Amazon reportedly thinks people will pay up to $10 per month for next-gen Alexa

Good luck with that.

REUTERS / Reuters

We've known for a while that Amazon is planning to soup up Alexa with generative AI features. While the company says it has been integrating that into various aspects of the voice assistant, it's also working on a more advanced version of Alexa that it plans to charge users to access. Amazon has reportedly dubbed the higher tier "Remarkable Alexa" (let's hope it doesn't stick with that name for the public rollout).

According to Reuters, Amazon is still determining pricing and a release date for Remarkable Alexa, but it has mooted a fee of between roughly $5 and $10 per month for consumers to use it. Amazon is also said to have been urging its workers to have Remarkable Alexa ready by August — perhaps so it's able to discuss the details as its usual fall Alexa and devices event.

This will mark the first major revamp of Alexa since Amazon debuted the voice assistant alongside Echo speakers a decade ago. The company is now in a position where it's trying to catch up with the likes of ChatGPT and Google Gemini. Amazon CEO Andy Jassy, who pledged that the company was working on a “more intelligent and capable Alexa" in an April letter to shareholders, has reportedly taken a personal interest in the overhaul. Jassy noted last August that every Amazon division had generative AI projects in the pipeline.

"We have already integrated generative AI into different components of Alexa, and are working hard on implementation at scale — in the over half a billion ambient, Alexa-enabled devices already in homes around the world — to enable even more proactive, personal, and trusted assistance for our customers," said an Amazon spokeswoman told Reuters. However, the company has yet to deploy the more natural-sounding and conversational version of Alexa it showed off last September.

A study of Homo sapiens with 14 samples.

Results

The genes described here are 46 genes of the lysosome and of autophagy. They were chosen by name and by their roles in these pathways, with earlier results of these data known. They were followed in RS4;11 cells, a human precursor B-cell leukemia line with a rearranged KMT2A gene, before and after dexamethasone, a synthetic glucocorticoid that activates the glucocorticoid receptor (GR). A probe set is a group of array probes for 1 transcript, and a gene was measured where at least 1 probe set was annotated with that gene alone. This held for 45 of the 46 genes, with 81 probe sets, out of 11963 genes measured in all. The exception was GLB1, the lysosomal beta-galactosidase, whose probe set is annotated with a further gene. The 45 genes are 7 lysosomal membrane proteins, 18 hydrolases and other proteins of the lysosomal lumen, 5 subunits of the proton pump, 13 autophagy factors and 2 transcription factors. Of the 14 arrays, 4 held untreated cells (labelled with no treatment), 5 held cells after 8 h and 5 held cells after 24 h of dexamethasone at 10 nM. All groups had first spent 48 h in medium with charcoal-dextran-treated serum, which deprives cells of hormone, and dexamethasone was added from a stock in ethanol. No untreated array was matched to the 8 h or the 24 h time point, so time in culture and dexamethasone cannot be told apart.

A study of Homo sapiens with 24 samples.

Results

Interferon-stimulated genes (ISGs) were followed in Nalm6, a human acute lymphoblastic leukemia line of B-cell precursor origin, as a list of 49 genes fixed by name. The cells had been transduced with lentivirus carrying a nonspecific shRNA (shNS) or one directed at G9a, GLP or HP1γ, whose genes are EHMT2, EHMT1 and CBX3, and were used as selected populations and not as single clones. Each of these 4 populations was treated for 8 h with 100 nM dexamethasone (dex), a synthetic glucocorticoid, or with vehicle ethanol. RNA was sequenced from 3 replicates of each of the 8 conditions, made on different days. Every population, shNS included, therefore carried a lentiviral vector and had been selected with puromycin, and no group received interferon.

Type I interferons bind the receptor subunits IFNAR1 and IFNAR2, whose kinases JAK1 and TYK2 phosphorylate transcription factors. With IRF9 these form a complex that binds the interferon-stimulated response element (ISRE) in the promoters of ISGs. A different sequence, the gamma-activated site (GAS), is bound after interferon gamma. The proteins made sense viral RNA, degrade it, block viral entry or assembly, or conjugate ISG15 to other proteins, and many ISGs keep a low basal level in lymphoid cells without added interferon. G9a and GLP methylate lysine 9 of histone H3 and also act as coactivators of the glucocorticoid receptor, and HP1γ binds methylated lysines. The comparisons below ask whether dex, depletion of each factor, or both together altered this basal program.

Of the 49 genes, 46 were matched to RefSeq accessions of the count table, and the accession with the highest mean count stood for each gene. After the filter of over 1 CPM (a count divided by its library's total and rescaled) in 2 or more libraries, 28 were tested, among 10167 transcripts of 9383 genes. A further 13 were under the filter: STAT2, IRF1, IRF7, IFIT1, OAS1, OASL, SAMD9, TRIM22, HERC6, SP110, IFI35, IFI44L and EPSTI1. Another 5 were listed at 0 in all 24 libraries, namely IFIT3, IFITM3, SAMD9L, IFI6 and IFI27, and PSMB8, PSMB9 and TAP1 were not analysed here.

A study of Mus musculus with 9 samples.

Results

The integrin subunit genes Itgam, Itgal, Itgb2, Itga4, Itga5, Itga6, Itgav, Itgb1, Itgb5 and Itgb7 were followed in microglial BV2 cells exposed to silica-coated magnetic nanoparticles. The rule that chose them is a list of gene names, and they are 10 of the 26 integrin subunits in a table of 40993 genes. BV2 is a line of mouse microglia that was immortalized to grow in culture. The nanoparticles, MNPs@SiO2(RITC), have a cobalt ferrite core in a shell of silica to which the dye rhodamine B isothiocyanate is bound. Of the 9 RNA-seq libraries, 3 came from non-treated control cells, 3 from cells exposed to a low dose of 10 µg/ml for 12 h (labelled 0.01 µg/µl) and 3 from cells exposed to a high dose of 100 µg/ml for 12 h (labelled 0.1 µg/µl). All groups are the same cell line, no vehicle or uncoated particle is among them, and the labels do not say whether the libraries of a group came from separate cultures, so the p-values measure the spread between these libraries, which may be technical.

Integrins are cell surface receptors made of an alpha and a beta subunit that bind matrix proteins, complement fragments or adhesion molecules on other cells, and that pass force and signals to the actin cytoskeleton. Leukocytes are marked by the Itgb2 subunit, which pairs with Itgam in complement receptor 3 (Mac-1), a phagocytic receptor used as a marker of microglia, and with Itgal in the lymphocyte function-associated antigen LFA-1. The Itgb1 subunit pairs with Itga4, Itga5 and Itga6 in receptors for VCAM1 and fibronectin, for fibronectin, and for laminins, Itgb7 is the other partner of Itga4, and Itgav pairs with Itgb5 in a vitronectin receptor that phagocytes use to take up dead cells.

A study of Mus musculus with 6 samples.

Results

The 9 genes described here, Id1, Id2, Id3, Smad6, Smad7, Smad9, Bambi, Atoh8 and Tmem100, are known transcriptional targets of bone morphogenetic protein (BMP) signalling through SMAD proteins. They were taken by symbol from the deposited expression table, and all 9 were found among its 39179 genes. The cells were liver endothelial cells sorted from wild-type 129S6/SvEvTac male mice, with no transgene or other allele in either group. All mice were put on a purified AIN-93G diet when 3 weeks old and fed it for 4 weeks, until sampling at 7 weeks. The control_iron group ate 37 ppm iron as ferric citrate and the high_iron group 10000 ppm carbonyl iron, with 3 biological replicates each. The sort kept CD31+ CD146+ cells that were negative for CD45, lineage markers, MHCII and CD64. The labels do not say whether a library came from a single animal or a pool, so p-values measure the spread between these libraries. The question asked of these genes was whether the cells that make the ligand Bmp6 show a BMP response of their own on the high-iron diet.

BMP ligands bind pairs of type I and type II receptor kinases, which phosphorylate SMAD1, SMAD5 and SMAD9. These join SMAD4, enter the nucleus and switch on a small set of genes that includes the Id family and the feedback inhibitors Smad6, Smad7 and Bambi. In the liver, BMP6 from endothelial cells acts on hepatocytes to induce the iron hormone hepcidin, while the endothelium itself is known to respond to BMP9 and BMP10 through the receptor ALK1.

Remarkable Alexa is said to be capable of complex prompts, such as being able to compose and send an email, and order dinner all from a single command. Deeper personalization is another aspect, while Amazon reportedly expects that consumers will use it for shopping advice, as with its Rufus assistant.

Upgraded home automation capability is said to be a priority too. According to the report, Remarkable Alexa may be able to gain a deeper understanding of user preferences, so it might learn to turn on the TV to a specific show. It may also learn to turn on the coffee machine when your alarm clock goes off (though it's already very easy to set this up through existing smart home systems).

Alexa has long been an unprofitable endeavor for Amazon — late last year, it laid off several hundred people who were working on the voice assistant. It's not a huge surprise that the company would try to generate more revenue from Remarkable Alexa (which, it's claimed, won't be offered as a Prime benefit). Users might need to buy new devices with more powerful tech inside so that Remarkable Alexa can run on them properly.

In any case, $10 (or even $5) per month for an upgraded voice assistant seems like a hard sell, especially when the current free version of Alexa can already handle a wide array of tasks.